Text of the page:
Teaching Kids Responsibility - SmartMom

Teaching Kids Responsibility: Chores and Money Management

Photo by Luisa Espinosa

Entitlement is a terrible thing. It’s is not the kind of belief we want our children to possess and teaching kids responsibility is a great way to combat it.

Wait, what does entitlement have to do with teaching kids responsibility regarding chores and money management?

A lot. It is one of the dreaded outcomes of not having enough discipline for the said things.

Oh, if only we have tons of money, right? “If only I have enough money, I’d hire someone to do everything so that my kids wouldn’t have to lift a finger.” “The rich have it easy. They don’t have to worry about such things.” These are some of the sentiments we often have because, after all, we want only the best for our kids. It’s quite obvious that not having a lot of money is bad; having too much is practically the same in terms of teaching kids responsibility.

In Malcolm Gladwell’s David and Goliath, psychologist James Grubman stated this simple truth: “A parent has to set limits. But that’s one of the most difficult things for immigrants of wealth, because they don’t know what to say when having the excuse of ‘We can’t afford it’ is gone. They [parents] don’t want to lie and say, ‘We don’t have enough money’, because if you have a teenager, the teenager says, “Excuse me. You have a Porsche, and mom has a Maserati.’ The parents have to switch from ‘No, we can’t’ to ‘No, we won’t.” The latter is much harder.

So what I’m trying to say is this: it will always boil down to how we discipline our kids. Here are some pointers to consider:


Go easy on the reward

Throwing trash away, putting his toys back to the shelves, or helping mom clear the table is not a big deal. Don’t make it such. Saying ‘good job’ and ‘thank you’ are enough. Buying your kids gifts are too much. They didn’t win a Nobel Peace Prize; they simply placed soiled clothes in the hamper. It’s not an achievement. They are expected to do this. They will do this when they’re all grown up. Let them know that.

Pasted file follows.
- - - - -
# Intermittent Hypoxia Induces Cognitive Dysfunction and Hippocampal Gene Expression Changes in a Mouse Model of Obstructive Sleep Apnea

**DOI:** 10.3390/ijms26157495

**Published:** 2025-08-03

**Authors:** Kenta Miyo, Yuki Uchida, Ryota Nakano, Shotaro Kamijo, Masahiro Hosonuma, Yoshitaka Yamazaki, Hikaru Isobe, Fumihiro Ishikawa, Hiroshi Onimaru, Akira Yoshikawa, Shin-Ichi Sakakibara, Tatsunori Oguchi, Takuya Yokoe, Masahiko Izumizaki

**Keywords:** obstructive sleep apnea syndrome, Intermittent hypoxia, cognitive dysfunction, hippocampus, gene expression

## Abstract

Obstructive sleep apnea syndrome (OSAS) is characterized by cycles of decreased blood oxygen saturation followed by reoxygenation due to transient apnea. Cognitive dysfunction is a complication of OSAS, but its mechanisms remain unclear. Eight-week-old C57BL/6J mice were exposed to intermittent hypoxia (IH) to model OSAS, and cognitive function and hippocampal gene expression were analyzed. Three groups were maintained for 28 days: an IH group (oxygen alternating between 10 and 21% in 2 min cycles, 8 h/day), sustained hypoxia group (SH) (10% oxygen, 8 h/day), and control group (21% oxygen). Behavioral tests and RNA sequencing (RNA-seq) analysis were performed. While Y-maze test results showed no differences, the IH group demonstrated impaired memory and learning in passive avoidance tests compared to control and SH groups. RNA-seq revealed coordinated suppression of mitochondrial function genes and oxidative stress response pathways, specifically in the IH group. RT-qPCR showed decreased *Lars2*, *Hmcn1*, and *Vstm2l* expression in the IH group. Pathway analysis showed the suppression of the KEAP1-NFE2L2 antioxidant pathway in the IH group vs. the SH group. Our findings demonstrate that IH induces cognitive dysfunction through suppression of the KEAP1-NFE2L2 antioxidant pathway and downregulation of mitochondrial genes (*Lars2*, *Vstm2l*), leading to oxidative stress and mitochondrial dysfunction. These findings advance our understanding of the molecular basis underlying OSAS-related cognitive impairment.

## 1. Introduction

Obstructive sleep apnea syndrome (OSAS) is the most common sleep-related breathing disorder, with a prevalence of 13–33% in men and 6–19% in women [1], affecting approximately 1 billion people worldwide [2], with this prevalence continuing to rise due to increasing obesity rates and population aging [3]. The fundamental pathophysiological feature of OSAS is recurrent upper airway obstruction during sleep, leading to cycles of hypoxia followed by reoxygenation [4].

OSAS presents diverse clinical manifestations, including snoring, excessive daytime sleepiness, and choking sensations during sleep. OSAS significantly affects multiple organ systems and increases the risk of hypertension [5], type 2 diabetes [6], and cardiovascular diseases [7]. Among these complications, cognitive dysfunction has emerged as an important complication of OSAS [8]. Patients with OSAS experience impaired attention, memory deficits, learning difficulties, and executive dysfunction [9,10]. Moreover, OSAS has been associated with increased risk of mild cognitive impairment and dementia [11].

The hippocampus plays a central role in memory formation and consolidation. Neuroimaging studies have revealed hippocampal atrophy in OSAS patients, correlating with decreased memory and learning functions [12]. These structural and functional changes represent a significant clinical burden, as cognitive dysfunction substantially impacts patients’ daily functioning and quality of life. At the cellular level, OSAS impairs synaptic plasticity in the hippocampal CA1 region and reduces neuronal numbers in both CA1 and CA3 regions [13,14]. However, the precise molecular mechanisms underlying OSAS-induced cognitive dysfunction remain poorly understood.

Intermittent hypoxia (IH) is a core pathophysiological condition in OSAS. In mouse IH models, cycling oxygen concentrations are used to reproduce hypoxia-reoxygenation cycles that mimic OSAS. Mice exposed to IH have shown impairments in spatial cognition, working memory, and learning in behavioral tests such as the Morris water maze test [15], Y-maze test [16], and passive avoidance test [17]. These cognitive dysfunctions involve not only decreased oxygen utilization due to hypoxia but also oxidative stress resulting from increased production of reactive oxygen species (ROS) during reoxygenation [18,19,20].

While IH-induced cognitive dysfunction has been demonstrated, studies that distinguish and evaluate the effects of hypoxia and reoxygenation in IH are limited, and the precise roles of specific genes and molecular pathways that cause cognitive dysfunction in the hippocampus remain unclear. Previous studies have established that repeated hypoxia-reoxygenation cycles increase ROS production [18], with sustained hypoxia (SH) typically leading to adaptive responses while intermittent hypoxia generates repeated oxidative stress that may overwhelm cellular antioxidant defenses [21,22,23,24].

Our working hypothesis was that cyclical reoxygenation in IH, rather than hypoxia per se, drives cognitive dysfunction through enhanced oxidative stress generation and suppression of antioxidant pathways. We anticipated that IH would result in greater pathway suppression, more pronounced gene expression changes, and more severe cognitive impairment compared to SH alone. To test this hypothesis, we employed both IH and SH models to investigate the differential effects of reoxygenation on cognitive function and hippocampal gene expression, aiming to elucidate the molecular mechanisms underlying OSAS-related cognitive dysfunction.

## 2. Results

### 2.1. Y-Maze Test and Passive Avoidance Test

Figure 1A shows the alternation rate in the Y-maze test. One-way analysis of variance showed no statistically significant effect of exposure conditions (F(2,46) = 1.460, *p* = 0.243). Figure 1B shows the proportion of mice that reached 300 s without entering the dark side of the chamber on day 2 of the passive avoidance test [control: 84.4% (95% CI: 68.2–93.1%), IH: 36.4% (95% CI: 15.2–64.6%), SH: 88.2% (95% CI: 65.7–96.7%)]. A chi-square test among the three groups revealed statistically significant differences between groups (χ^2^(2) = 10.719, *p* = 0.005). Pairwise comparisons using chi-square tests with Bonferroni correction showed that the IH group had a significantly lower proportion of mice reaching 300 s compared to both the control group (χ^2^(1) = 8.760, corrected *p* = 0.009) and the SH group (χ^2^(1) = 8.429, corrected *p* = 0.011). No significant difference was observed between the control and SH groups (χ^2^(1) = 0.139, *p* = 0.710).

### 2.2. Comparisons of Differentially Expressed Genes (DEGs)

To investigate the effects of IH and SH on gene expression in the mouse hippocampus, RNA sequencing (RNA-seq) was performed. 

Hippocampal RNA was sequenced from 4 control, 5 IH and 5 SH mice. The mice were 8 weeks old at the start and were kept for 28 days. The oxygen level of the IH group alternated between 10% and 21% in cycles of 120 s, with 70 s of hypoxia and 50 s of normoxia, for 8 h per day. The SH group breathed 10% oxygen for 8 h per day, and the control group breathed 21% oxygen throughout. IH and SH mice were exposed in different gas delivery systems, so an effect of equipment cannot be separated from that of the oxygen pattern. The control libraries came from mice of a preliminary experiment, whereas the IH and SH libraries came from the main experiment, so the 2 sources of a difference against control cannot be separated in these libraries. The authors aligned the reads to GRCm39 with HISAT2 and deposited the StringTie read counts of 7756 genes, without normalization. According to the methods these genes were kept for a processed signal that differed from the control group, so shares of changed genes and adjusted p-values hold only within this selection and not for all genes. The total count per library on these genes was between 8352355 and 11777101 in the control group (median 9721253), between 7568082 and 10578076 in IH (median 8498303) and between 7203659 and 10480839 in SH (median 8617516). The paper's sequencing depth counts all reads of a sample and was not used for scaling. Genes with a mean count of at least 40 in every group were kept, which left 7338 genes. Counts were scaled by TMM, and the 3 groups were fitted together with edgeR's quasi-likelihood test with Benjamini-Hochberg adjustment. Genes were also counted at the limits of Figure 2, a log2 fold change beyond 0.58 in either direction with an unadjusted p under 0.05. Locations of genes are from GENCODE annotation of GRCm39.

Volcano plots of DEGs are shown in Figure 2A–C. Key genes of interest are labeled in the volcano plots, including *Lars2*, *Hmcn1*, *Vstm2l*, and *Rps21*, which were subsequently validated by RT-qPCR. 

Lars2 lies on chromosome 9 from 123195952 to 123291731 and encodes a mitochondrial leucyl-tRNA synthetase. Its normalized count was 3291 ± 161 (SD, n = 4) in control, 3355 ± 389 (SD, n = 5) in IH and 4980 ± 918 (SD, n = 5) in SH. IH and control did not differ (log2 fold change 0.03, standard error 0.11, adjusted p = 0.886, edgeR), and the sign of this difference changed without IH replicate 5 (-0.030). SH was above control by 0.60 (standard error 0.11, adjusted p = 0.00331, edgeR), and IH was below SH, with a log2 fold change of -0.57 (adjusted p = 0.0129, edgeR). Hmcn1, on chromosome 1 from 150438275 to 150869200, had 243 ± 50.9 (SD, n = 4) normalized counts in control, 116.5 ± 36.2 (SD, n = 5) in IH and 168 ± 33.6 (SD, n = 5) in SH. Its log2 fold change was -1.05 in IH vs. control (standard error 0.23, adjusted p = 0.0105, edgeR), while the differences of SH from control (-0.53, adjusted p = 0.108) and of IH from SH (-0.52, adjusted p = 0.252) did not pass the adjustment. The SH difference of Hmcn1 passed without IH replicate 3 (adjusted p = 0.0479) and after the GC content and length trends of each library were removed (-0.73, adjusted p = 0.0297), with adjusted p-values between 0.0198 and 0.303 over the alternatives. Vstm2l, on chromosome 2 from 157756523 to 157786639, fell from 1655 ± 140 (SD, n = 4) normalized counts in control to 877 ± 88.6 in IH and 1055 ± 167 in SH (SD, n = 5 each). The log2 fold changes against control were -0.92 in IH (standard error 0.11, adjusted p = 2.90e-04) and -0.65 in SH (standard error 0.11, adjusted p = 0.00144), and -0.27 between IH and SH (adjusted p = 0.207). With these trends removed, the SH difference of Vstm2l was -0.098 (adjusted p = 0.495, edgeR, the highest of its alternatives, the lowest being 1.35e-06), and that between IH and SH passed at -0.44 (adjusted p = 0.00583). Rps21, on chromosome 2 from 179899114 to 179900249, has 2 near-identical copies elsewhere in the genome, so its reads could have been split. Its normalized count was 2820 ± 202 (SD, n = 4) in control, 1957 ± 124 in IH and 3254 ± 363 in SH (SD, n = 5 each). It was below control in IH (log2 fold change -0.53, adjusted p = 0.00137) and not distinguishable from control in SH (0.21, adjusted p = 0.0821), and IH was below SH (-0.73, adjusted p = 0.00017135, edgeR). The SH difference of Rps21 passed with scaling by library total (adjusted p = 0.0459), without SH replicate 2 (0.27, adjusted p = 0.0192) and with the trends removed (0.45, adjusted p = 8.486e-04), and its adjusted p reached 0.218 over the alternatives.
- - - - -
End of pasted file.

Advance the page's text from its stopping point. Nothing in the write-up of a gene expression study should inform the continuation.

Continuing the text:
Make a list

Jot down the things your child needs to do every day, and let him/her know that he/she needs to do it. Repetition is what will make the task stick. Go easy, though. You’re not running a boot camp! Simple tasks such as placing the plate in the dishwasher or folding his blanket in the morning are enough. Be crystal clear that failure to do the given task will lead to consequences – no iPad for a week, no TV for three days, etc. Kimberly Coleman of Mom in the City states it best when she told her boys that “they (boys) get to choose their actions, but there are consequences (good or bad) for their choices.”

Show them how and tell them why

You can’t just tell your 10-year-old daughter to dust the shelves, and expect her to know how. Show them, and while you’re at it, tell them why it should be done.


Know thyself

What is your personal rule about money? Naturally, you cannot teach your kids to do the right thing, and then carry out the opposite.

Respect for money

Instead of repeatedly telling them that ‘money doesn’t grow on trees’, show them what money is for, and what it can do. Money is important. It is a reality. Money is a privilege. Teach them the power it holds. If we don’t let our kids know what it can do, they will never understand how it works. Tell them where it goes, and how to acquire it. You can say, “I work so that I can have enough to pay our bills, buy food, etc. The rest goes to this and that.”

Teach them to save

If they want something, they should know how to save for it. Teach them how to save a percentage of their weekly allowance in order to buy the toy that they like. Anyone will appreciate something better when it is achieved through delayed gratification.

Teach them to earn

Obviously, it’s not enough to save when there’s nothing to save. Even at an early age, you can let your kids know how it feels to earn money via trade. They can sell lemonade during summers, or sell old toys they don’t want anymore.

Teach them how to spend

You have to let your kids know that spending on needs is far more important than mere wants. State the needs that they should spend on, and if there’s extra money, they buy their wants. They have to understand that they will eventually sell the wants they bought for the things that they need.